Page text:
One in 10. That’s the number of individuals who successfully complete a drug rehabilitation program without relapse. But that single digit is more than just a number. It is a role model, an educator, a counselor and a friend. A person, Zach Newton.
His day begins like many citizens of Knoxville, Tennessee. Traveling to work on congested highways, sometimes stopping at the nearest gas station for an energy drink to start the day.
Pulling into the parking lot, Newton is met with a rare feeling.
“I feel a sense of home when I come to work,” Newton said. “That’s not something everyone can say.”
Zach Newton is a drug rehabilitation counselor with the Steps House program in Knoxville. The program is designed to provide services to those struggling with addiction and homelessness.
Newton has spent the last three-and-a-half years helping everyone he meets with the goal of recovery.
For a counselor, a typical day might consist of group therapy, one-on-one sessions, job searching or legal help. However, for Newton, the role is much more.
“I relate with them [clients] on their level,” Newton said. “I try to show them the love that they haven’t seen in a long time.”
That relationship is something that seems to come natural for Newton. He credits this success as a counselor to “experience on the other side.”
Newton is a former drug addict.
“This place was once my literal home,” Newton said. “Now I’m five years in recovery.”
Typically, an individual will describe their addiction treatment as the process of going through recovery. However, Newton’s recovery extends much further. It is a constant reminder of the progress and the drive to continue in a positive direction.
“For me, recovery doesn’t end when you complete the program,” Newton said. “It’s a mental state and a lifelong process.”
Life prior to entering Steps House paved a difficult path. A family disconnect and moving from his hometown of Memphis, Tennessee, to Knoxville, left Newton feeding more into his addiction.
Finally, a turning point came with blue light and handcuffs, as Newton was arrested for illegal drug possession.
“It was eye opening,” Newton said. “I knew that it was not the place I wanted to be and never wanted to go back.”
Following his time in jail, Newton entered the drug rehabilitation program through Steps House. Like many addicts, Newton succumbed to relapse and did not complete the program. However, the old habits never felt the same.
“I relapsed,” Newton said. “But the time I was with Steps House stuck with me. It made me want to go back.”
Steps House again welcomed Newton for a second time. He spent 10 months as a client to successfully graduate the program. After graduation, he was met with a job offer.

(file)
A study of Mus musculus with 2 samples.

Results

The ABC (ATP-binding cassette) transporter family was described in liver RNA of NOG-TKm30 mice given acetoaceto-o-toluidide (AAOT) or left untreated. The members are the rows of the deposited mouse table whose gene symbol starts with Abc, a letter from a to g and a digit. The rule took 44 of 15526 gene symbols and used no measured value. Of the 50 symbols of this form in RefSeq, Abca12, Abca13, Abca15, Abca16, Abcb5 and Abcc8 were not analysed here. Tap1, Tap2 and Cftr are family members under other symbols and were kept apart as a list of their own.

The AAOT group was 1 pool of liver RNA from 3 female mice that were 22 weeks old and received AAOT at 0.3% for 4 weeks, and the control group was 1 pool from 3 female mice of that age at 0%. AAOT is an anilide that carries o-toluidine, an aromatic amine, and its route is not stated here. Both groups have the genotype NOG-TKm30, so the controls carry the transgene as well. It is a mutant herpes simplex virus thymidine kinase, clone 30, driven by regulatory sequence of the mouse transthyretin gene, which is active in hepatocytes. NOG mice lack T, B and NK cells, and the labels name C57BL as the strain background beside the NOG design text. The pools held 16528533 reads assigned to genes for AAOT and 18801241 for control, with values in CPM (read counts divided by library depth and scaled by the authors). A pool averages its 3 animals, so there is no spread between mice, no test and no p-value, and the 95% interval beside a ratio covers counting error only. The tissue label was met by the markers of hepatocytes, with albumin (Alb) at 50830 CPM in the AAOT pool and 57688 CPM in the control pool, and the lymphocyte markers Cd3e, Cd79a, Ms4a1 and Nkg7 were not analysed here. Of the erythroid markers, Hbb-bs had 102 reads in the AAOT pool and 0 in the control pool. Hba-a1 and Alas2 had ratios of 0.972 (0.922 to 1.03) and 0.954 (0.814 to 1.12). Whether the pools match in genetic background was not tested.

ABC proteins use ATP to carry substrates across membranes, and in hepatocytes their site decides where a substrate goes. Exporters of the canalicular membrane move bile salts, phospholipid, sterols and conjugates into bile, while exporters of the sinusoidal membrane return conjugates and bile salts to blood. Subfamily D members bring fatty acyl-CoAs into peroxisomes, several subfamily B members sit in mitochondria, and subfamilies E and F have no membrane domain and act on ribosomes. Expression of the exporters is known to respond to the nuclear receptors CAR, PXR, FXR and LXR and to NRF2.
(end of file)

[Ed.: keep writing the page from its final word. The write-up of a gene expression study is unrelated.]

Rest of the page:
Now, five years later, it’s time to give back.
“I almost feel like it’s [counseling] a calling,” Newton said. “I do it because someone did if for me.”
As Newton continues to move forward in his recovery, every day he faces a new challenge as counselor. As more methamphetamine related arrests happen in Knoxville, more individuals seek rehabilitation. However, success is never guaranteed.
“Methamphetamine addicts coming into our program are steadily rising,” Newton said. “It’s frustrating to see these individuals getting arrested over and over again after leaving our program.”
But that frustration is easily replaced with what Newton describes as the reason he is proud to be a part of this program.
“Just seeing one person make it through like I did makes it all worth it,” Newton said. “It’s why I do what I do.”
Today, Newton reflects on his past, describing the difference between now and then as the difference between night and day. He has mended the relationship with his family and developed a solid support group to thanks to the Steps House.
“Part of recovery is having like-minded people in your life” Newton said. “I’ve seen tremendous growth in my life, but I still try to stay humble.”
Newton carries this mindset with him throughout his duties as a counselor. Aside from daily programs within Steps House, clients are treated to outside activities, like bowling, where they can freely interact with one another.
As the days progress into weeks, months and years, Newton no longer sees his life as a countdown, but a single step forward. Through the challenges he has faced, two words solidify where and who he is today.